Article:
Throughout the past 20 years, St. John’s Minor Hockey Associations, under the direction of a number of chairmen, have tried a variety of ways and means to finance minor hockey. Some have had favourable results while others were not so successful.
The Royal Canadian Legion raised funds by tag days, entertainment nights (bingo), and by donations by clubs, business establishments and interested individuals.
Dee Murphy tried a number of fund-raising projects during his first year as chairman of the association. These included a canvas of business establishments, a tag day, games of chance (bingo), oldtimer’s games, plus a ‘Support Minor Hockey’ collection pot that was present at the gate of all senior hockey games at St. John’s Memorial Stadium. Mr. Murphy even spent two weeks as the Jolly Snowman outside of the London, New York & Paris department store during peak shopping periods. He donated his reward of $200 to minor hockey. The first money given to the association, however, was donated by Mr. Al Kawaja of Corner Brook, who was in St. John’s on business and attended the annual meeting. He presented the new executive with $50. During his second term in office, Mr. Murphy was successful in getting J.C. Pratt Co. Ltd. to sponsor minor hockey at a cost of between $10,000 and $12,000.
The first exchange grant was approved for minor hockey in 1968, and, under coach Duey Fitzgerald, a St. John’s minor hockey team traveled to Goose Bay, Labrador to compete in an invitational tournament.
Cec Soper, while chairman of the association, raised money by registration fees, tag days, entertainment nights (bingo), and through a canvass of business firms in the St. John’s area. Although a very distinguished St. John’s businessman acted as chairman for the canvass of business firms, returns were less than $1,000. Entertainment nights had to be discontinued as the association actually lost several hundred dollars during the last project in 1970. The association found itself in the red at season’s end.
Several projects to raise monies were initiated during the terms that Howie Meeker and Bill Parrott were in office.
The main money-making project during the 1970-71 season was a variety show brought to the Arts and Culture Centre. Although the show proved to be a flop, approximately $4,000 was netted from the sale of advertisements in the program. A raffle of two return tickets to Montreal to see an NHL game between Boston and Montreal, courtesy of Eastern Provincial Airways, netted over $1,000. Tickets to Minor Hockey Week games brought in another $1,000.
A small admission fee was charged at Memorial Stadium during 1970-71 to raise money to help repay the $1,000 given to the association by St. John’s City Council to offset the pressing debts inherited from the previous executive. During the course of the season, the association received about $650 from this source and passed the total back to the Stadium Commission to be returned to the City treasury.
An application for assistance was approved for minor hockey through a Local Incentive Project grant (L.I.P.). The association received $16,000+ that provided supervisory staff (6) for a rapidly expanding minor hockey operation. Another raffle of E.P.A.-donated return tickets to see an NHL game in Montreal brought in about $1,000.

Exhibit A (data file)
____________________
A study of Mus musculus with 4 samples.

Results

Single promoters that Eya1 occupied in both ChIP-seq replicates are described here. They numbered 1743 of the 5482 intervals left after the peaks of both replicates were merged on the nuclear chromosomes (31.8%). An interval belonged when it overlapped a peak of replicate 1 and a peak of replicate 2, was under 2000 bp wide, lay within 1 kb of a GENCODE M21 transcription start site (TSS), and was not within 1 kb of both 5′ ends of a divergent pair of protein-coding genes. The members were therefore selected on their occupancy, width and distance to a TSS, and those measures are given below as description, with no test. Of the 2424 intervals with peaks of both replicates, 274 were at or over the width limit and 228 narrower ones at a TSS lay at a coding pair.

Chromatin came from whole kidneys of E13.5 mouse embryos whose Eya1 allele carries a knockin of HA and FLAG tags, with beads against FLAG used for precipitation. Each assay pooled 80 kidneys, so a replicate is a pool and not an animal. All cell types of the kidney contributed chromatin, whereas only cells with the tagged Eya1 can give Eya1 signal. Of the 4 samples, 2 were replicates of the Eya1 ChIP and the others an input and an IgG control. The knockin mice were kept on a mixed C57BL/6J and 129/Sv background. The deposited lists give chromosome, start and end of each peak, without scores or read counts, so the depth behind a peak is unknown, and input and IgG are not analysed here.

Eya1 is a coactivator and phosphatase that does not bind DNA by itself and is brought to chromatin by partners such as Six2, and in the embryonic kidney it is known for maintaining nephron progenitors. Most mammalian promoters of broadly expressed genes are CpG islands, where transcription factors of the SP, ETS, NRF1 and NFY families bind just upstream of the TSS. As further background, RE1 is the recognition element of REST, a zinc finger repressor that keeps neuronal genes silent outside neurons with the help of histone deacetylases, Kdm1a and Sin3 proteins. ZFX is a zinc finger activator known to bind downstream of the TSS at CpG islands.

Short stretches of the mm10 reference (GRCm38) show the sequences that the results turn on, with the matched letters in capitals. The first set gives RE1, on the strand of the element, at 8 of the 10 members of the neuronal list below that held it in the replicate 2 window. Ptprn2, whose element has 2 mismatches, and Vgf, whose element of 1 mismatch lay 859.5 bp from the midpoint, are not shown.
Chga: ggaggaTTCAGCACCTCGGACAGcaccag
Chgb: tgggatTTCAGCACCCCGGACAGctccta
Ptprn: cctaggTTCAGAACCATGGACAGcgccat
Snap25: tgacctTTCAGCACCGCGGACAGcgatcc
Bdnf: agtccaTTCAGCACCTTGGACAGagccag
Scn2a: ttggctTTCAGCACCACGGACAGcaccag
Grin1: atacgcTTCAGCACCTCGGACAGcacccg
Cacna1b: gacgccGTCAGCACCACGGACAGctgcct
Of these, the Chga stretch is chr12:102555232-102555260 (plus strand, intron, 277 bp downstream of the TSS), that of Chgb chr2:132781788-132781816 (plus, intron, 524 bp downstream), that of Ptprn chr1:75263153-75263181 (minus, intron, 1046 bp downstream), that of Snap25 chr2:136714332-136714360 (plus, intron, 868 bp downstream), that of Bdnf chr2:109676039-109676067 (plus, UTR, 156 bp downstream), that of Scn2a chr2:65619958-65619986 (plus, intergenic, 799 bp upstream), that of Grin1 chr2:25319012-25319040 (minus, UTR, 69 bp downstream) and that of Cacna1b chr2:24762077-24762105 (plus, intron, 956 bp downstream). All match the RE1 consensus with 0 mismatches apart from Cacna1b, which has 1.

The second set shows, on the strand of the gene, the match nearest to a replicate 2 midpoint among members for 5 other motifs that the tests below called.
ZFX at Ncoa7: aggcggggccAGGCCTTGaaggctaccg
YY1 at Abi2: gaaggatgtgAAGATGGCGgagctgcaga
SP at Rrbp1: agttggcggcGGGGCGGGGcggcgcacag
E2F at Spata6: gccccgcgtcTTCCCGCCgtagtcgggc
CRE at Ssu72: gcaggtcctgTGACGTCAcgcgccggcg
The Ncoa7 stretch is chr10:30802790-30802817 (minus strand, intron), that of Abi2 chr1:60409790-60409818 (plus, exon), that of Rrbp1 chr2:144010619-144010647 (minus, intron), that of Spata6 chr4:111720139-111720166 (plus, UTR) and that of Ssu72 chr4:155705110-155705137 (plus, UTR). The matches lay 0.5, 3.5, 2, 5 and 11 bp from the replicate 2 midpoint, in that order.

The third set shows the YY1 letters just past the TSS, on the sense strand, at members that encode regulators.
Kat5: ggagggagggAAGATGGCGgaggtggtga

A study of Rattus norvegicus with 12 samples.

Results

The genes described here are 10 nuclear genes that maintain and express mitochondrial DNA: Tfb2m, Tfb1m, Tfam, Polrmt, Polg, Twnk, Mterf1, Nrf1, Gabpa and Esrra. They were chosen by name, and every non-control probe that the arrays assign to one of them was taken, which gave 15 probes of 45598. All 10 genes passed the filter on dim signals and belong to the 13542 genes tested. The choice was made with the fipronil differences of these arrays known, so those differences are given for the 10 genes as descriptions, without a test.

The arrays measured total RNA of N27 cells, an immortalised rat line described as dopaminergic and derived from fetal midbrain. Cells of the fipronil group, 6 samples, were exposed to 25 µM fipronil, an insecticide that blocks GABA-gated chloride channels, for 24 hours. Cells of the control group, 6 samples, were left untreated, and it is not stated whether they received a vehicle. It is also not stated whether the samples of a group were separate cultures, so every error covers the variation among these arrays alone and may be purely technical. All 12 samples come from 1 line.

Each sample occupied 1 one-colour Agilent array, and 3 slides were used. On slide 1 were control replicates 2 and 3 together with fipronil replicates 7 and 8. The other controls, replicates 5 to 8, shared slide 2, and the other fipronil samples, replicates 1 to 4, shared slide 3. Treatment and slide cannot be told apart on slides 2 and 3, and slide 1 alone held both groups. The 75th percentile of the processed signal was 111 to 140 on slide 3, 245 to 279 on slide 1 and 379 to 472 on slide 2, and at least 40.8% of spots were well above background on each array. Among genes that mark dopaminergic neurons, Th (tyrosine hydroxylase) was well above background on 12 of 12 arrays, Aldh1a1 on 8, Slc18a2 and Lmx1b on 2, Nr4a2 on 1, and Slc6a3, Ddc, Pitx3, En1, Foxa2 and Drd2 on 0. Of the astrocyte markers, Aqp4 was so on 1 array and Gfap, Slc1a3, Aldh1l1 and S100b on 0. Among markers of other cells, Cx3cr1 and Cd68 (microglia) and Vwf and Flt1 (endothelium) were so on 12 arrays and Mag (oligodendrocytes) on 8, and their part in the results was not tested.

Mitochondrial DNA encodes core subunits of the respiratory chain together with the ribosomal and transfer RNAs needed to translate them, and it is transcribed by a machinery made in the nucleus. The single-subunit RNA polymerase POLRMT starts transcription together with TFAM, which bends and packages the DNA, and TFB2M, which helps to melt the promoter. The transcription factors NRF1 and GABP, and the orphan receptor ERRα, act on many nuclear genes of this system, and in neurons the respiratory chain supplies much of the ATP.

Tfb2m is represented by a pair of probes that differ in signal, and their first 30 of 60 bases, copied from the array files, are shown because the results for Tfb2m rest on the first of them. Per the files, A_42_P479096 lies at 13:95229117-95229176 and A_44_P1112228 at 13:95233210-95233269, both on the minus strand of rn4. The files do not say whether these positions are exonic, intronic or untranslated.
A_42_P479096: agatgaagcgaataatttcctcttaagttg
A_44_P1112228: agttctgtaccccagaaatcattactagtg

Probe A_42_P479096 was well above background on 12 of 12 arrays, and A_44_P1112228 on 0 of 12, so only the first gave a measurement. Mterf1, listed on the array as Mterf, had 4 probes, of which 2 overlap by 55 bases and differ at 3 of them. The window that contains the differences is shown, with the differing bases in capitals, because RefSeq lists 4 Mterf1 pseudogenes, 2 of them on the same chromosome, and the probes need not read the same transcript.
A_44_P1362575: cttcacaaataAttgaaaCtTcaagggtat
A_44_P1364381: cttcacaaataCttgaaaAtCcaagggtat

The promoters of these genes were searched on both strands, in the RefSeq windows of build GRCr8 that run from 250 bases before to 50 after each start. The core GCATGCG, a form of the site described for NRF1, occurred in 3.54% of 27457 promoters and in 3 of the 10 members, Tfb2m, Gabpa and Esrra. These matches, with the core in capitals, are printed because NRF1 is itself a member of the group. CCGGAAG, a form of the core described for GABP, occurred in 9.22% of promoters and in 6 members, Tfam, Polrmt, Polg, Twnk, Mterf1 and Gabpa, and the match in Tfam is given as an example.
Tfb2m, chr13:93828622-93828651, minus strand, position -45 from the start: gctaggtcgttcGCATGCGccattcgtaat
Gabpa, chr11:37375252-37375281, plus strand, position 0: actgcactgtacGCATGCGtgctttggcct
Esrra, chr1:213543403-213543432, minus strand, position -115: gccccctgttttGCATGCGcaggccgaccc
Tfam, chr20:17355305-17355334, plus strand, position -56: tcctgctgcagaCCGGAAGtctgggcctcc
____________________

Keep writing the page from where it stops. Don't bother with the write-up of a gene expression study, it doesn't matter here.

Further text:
The association entered into an agreement with the hockey committee of the senior St. John’s Capitals to develop a hockey program and to promote their sale at Newfoundland Senior Hockey League games. Minor hockey only netted a little over $1,000 from this project and expenses exceeded $4,000. The latter project should have been more successful. However, some $5,000 was not realized when a number of business firms failed to pay for their advertisements in spite of the fact that the programs were sold from October 1971 until May 1972 at all Newfoundland Senior Hockey League games, high school games (average attendance 3,000), provincial minor hockey tournament games held in St. John’s, and at playoff games between the Avalon Consolidated School and Stadium systems.
Additional L.I.P. assistance was offered the city association by Joe Byrne through the N.A.H.A. minor hockey L.I.P. grant. This offer was declined on the grounds that the association already received a grant, and the money for a supervisor would probably be better appreciated and possibly more effectively utilized by another association elsewhere in the province.
The L.I.P. grant ($16,000+) was renewed again this season. Other funds were raised by a $2 registration fee at Memorial Stadium, a raffle, and the sale of minor hockey buttons. A ticket draw on the Canada-Russia series was a complete flop locally.
The St. John’s Municipal Council and/or the Avalon Consolidated School Board did not charge for ice-time used for minor hockey at St. John’s Memorial Stadium, Fieldian Gardens and Prince of Wales Arena from 1970 to 1972 inclusive.
Mr. Goss raised funds through a ways and means committee chaired by Bill Parrott. Money was raised by registration fees, a walkathon, a minor hockey dance, and by a sale of skate souvenirs.